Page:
The U.S. Navy is gathering public comment in preparation for applying for an extension of its permit to do training and testing in San Diego waters. The current permit expires in 2018.
Alex Stone, environmental planning program manager at the U.S. Pacific Fleet, said the same training has been done for 40 to 50 years.
“It’s really the same type of training we’ve been doing for decades, but we’re starting a new round of environmental planning,” Stone told KPBS Midday Edition. “The training has evolved, but it’s similar training in the same areas.”
The testing has been controversial because of potential risks to marine mammals. Earlier this year, the Navy settled a lawsuit by environmental organizations, including the Natural Resources Defense Council, for illegally harming sea mammals during training.
According the the NRDC, terms of the settlement included designating certain areas as off limits for sonar and underwater explosions, and taking precautions against potential ship strikes. The terms of the settlement only apply to the current permit period.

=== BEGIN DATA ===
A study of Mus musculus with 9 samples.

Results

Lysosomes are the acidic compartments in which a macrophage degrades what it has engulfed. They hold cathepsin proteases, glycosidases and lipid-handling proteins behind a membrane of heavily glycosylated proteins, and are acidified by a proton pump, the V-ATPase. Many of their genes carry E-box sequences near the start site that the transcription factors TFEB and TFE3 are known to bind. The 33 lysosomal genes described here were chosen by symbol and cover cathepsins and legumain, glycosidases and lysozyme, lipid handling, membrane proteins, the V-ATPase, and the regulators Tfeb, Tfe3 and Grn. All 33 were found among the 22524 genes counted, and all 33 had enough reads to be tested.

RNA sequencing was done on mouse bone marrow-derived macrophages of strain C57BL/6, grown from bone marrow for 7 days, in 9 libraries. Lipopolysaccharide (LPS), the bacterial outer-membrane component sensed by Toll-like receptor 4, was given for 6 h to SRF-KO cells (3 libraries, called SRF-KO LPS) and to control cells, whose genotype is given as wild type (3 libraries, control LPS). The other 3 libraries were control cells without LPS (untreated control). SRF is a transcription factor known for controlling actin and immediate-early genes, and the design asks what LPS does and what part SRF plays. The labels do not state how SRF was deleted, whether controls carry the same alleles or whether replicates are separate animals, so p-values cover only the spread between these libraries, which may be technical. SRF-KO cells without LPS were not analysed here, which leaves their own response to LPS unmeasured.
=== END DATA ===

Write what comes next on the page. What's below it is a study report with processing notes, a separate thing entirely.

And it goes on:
Zak Smith, senior attorney for the Marine Mammal Protection Project at NRDC, said 9.6 million incidents have occurred nationwide that show the training has disrupted the behaviors of marine animals.
Smith compared the training to a person who stands next to a speaker at a rock concert. He said the goal of the organization is to ensure there isn’t permanent damage to animals.
“How can we achieve the Navy training, while at the same time identifying and recognizing areas important for marine animals, and staying out of those areas,” Smith said.
The Navy held a public meeting Tuesday night in San Diego and will continue to collect input through Jan. 12. Comments can be submitted online at www.hstteis.com.